Nanotechnology, the manipulation of matter at the atomic and molecular scale, holds great promise for everything from incredibly fast computers to chemical sensors that can sniff out cancer cells. But how does one go about building a device made of parts that are one-billionth of a meter in size?
Over the years, scientists have developed tools for this microscopic handiwork. Take for example optical tweezers, which use light to trap and move objects that measure one-millionth of a meter. Researchers use optical tweezers to manipulate biological materials such as proteins. However, using light to manipulate even smaller nanometer-scale objects is tricky business. There are other techniques for the job, but it’s safe to say there’s plenty of room for more tools in the nano toolbox.
Now, scientists from Lawrence Berkeley National Laboratory and the National Univ. of Singapore have developed a way to manipulate nanoparticles using an electron beam. As recently reported in Nano Letters, they used an electron beam from a transmission electron microscope to trap gold nanoparticles and direct their movement. They also used the beam to assemble several nanoparticles into a tight cluster. And, because the beam is from an electron microscope, they were able to image the nanoparticles as they manipulated them.
Based on their results, the scientists believe their approach could lead to a new way to build nanostructures one nanoparticle at a time.
The research was co-led by Haimei Zheng of Berkeley Lab’s Materials Sciences Division. She and colleagues began by sandwiching a ten-nanometer-diameter particle of gold between two transparent silicon nitride membranes. This liquid-filled sandwich, called an environmental cell, enables objects to be imaged with a transmission electron microscope at a sub-nanometer resolution. The environmental cell was developed at Berkeley Lab.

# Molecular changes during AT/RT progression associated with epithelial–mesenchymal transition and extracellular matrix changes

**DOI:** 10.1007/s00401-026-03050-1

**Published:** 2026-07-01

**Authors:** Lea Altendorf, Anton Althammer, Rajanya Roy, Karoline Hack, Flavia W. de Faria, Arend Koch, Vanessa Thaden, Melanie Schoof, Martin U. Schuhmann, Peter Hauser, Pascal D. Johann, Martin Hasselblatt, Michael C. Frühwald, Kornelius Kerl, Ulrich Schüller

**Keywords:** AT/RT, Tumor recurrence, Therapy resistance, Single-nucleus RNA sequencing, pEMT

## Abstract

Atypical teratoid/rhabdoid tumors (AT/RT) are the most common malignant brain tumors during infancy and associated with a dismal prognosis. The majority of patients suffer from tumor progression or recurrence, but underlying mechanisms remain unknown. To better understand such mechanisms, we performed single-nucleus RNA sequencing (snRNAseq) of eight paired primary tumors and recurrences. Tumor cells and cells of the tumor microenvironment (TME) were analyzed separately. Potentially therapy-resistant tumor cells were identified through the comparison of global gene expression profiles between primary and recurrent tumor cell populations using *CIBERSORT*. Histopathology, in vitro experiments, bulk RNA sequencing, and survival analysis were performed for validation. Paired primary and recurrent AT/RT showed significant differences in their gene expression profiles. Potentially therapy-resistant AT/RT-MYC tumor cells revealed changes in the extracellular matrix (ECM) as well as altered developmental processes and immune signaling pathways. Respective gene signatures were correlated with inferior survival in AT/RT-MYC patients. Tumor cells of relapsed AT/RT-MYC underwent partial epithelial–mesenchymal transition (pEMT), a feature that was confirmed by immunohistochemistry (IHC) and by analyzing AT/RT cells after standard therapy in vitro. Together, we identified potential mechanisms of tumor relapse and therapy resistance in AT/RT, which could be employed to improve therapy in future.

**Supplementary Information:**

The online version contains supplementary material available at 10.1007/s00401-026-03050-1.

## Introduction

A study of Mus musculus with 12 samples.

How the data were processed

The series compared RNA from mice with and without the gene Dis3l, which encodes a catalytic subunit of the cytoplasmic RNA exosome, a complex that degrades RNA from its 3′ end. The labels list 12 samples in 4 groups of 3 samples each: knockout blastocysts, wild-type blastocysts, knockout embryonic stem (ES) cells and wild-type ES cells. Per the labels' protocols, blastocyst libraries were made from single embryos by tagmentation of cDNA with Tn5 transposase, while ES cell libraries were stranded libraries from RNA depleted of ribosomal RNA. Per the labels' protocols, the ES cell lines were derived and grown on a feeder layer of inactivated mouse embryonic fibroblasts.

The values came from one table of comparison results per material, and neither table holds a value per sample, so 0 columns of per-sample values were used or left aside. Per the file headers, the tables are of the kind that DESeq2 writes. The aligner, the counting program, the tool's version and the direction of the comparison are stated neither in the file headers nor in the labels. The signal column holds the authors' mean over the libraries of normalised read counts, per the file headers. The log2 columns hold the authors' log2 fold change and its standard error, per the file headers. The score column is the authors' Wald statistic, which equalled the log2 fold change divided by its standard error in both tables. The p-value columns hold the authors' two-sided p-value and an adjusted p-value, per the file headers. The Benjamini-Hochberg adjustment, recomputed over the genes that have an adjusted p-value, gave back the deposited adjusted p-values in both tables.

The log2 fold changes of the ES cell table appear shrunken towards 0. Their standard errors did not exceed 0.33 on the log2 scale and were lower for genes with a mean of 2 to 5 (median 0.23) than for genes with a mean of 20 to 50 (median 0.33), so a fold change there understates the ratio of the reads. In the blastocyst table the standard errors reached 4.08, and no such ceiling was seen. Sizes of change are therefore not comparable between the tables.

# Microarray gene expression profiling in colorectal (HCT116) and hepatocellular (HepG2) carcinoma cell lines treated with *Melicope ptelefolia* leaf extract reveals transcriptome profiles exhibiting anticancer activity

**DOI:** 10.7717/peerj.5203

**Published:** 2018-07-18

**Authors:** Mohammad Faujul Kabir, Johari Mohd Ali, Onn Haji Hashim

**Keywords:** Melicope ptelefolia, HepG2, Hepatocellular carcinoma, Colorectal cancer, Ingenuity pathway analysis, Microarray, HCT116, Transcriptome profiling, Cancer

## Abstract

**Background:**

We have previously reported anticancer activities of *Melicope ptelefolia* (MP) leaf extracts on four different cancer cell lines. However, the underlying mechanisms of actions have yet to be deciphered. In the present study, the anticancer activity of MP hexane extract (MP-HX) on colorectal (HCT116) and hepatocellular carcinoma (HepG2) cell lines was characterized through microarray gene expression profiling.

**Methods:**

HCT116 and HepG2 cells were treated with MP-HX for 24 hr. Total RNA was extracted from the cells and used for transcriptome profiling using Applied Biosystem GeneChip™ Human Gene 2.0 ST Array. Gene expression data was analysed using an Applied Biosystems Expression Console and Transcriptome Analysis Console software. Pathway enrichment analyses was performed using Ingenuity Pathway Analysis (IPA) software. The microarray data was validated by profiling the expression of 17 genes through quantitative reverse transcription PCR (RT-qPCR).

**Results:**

They then passed an electron beam through the cell and trapped the nanoparticle in the beam. The nanoparticle bounced to and fro within the beam, but never escaped its confines. When they moved the beam in any direction at a speed of about ten nanometers per second, the trapped nanoparticle was dragged across the membrane surface.
Next, the scientists trapped several gold nanoparticles inside the beam and corralled them into a tight bunch by rapidly decreasing the diameter of the beam from 200 nanometers to 50 nanometers. They also moved the cluster of nanoparticles over the membrane surface by moving the electron beam.
Zheng and colleagues are now working to understand how the electron beam traps the nanoparticles. They also want to develop ways to automate the positioning and movement of nanoparticles, which is a key step toward the fast and efficient assembly of nanostructures.
In this video an electron beam is used to sweep gold nanoparticles into a cluster, an approach that could lead to a new way to assemble nanostructures.